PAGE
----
U.S. stocks were mixed Friday as gains in computer and software issues offset concern that the Federal Reserve Board may forgo lowering interest rates later this month.
A government report that unemployment edged higher last month was considered a sign of a weakening economy, but was not powerful enough to assure the interest rate cut that financial markets have been expecting.
The Dow Jones industrial average declined 2.53 points to 5,156.86, ending in the minus column for the second day in a row after three record-breaking sessions. The Dow index rose 69.73 points for the week after setting a new high Wednesday of 5,199.13.
Broad-market indexes ended mostly higher. The Standard & Poor's 500-stock index rose 1.31 points to 617.48 and the Nasdaq composite index rose 6.85 points to 1,060.02.
Nervous investors sold a wide swath of blue-chip issues to lock in profits. "Most portfolios have done extremely well" this year, said Michael Metz, Oppenheimer & Co.'s market strategist. "They're not inclined to increase exposure at the end of the year."
The 30 Dow index components were led lower by Philip Morris, which fell 1 3/8 to 89 1/4. The Wall Street Journal on Friday described the contents of an internal company draft report that said nicotine is chemically similar to addictive drugs such as cocaine. Tobacco executives have denied in sworn Congressional testimony that cigarettes are addictive.
Another reason for the selling, Metz said, is that investors have become nervous that the budget impasse in Washington will drag on. Republicans took the weekend to review President Clinton's new budget proposal.
Fed Vice Chairman Alan Blinder was quoted in a news report as saying that financial markets were overly optimistic about a rate cut on Dec. 19, the Fed's final meeting this year to set monetary policy. Both the stock and bond markets have risen sharply in recent weeks in anticipation that as soon as a budget agreement is reached, the Fed would lower interest rates.
Metz also said that there is "a feeling that maybe the market's already discounted an interest rate cut that will not happen. The news from Washington is not exactly encouraging."
But that did not appear to disturb the bond market, where the 30-year Treasury bond yield fell to 6.05% from 6.08% late Thursday.
Stocks and bonds started the day higher after the Labor Department reported surprisingly sluggish November jobs data. Labor said the nation's unemployment rate edged up to 5.6% in November. Businesses added 166,000 jobs, but Labor said many of those jobs were due to special factors that did not reflect underlying strength.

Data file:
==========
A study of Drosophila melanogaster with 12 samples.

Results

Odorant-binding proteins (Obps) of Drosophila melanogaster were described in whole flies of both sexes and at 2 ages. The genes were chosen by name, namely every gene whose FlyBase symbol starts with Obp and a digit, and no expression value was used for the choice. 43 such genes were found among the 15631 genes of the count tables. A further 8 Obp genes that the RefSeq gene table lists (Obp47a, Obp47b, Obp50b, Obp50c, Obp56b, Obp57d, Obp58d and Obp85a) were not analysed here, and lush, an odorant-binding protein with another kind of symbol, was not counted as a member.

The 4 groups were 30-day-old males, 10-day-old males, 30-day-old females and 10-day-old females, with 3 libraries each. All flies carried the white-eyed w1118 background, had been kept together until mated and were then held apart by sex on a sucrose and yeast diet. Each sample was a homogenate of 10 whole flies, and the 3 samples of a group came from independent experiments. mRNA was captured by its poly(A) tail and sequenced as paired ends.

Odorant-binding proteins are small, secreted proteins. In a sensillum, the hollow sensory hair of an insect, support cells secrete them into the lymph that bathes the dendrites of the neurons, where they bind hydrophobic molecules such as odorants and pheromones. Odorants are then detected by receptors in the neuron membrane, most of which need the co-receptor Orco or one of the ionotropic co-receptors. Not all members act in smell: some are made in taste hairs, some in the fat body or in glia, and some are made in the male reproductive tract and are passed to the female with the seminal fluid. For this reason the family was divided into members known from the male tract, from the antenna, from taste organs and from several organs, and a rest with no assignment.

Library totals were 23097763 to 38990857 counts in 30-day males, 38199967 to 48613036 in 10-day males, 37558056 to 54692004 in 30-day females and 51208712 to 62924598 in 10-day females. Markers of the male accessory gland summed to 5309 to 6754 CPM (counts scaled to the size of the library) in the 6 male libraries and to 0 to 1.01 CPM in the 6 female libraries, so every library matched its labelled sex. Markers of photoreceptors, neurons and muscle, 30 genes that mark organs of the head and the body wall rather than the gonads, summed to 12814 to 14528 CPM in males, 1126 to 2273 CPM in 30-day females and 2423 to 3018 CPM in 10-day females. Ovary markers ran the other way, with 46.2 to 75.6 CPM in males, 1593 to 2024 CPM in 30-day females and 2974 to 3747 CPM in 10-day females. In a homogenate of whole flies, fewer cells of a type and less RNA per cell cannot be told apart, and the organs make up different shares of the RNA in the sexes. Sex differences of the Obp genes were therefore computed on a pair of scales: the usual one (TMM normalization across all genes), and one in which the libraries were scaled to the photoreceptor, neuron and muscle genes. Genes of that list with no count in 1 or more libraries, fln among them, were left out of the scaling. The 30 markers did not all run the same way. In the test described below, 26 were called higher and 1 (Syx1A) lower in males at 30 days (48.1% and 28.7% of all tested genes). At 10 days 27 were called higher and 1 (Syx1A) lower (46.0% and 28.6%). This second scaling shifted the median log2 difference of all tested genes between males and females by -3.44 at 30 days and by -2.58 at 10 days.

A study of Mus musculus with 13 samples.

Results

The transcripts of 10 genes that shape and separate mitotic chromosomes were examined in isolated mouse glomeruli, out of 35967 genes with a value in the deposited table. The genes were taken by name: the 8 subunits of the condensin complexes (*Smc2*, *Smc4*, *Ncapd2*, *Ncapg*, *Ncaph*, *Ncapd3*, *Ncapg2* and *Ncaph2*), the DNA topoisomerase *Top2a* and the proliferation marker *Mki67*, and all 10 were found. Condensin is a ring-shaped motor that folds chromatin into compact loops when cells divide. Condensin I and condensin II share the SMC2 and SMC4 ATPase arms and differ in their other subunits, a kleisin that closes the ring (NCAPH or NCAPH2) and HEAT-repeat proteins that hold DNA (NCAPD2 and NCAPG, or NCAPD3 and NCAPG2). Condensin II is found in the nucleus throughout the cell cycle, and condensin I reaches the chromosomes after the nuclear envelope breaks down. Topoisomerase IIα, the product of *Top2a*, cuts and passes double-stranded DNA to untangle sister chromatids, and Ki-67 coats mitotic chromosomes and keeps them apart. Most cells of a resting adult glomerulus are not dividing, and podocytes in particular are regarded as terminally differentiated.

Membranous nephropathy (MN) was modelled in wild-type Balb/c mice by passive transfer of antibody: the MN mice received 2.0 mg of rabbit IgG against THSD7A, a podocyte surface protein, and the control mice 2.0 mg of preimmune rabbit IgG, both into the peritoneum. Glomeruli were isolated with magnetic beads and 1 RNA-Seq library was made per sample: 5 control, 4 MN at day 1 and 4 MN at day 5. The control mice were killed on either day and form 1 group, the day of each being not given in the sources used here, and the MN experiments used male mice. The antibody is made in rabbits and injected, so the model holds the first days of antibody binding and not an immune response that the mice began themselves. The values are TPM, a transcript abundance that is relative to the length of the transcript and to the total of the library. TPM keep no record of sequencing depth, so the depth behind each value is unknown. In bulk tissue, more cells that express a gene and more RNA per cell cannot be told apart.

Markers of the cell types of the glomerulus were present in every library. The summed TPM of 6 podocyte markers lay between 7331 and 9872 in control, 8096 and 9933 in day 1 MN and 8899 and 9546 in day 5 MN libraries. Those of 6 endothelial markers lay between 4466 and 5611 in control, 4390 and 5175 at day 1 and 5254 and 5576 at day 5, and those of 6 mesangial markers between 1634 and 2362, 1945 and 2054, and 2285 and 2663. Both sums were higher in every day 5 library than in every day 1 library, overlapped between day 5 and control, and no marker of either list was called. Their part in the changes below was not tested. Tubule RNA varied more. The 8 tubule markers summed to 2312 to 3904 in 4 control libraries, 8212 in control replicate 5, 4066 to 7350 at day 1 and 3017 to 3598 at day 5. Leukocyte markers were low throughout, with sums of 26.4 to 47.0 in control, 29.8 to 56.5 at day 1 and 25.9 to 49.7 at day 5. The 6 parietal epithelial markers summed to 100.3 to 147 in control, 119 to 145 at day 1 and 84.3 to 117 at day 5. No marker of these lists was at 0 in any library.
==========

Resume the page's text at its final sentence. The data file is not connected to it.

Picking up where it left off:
The Commerce Department also said sales of new homes fell 2.7% in October. But that news, which bolstered hopes for an interest-rate easing, was eclipsed by a report that the University of Michigan consumer sentiment rose during early December compared with November.
Meanwhile, Mexico's central bank said it bought pesos to shore up its currency, which was battered in early trading by investors demanding U.S. dollars to cover year-end transactions.
The purchase is the third time in a month that Banco de Mexico sought to ease pressure on the currency. On Nov. 14, the central bank bought $125 million to bolster the currency, and on Nov. 9 it acquired $175 million. Central bank officials declined to disclose the amount of pesos purchased today.
The currency was trading at its lowest level in 3 1/2 weeks when the central bank decided to buy pesos. It closed at 7.71 pesos to the dollar.
Among market highlights:
* Computer stock broke the overall trend, recovering Friday. On Thursday, Microsoft announced a sweeping new plan to take advantage of the Internet that included using technology developed by Sun Microsystems and Oracle. In Friday Nasdaq trading, Microsoft's shares rose 4 to 94 1/2, Sun Microsystems added 6 5/8 to 99 3/4, and Oracle gained 2 3/8 to 46 5/8. Intel rose 1 5/8 to 63 1/4. On the Big Board, IBM rose 2 1/8 to 96 7/8, and Micron Technologies added 2 7/8 to 54 3/4.
* Shares of Internet-related companies, which have been challenged by Microsoft, ended mixed. Netscape fell 4 to 128 1/2, and America Online lost 1/4 to 41 1/8. But Spyglass climbed 2 3/4 to 98.
Hewlett-Packard gained 4 7/8 to 87. Donaldson Lufkin & Jenrette added the stock to its buy list.
In overseas trading, the Nikkei index in Tokyo slipped 0.65%, and London's FTSE-100 gave up 0.26%. But the DAX index in Frankfurt gained 0.19%.
Forecasts of unusually cold weather in the Midwest and Northeast drove heating oil prices Friday to their highest levels since October 1993. Soybean meal and corn prices on the Chicago Board of Trade also advanced with the prospect of cold weather leading to more feed usage by the nation's livestock.
"This winter could rival those of the late 1970s and early 1980s," said Weather Trades President Jim Roemer.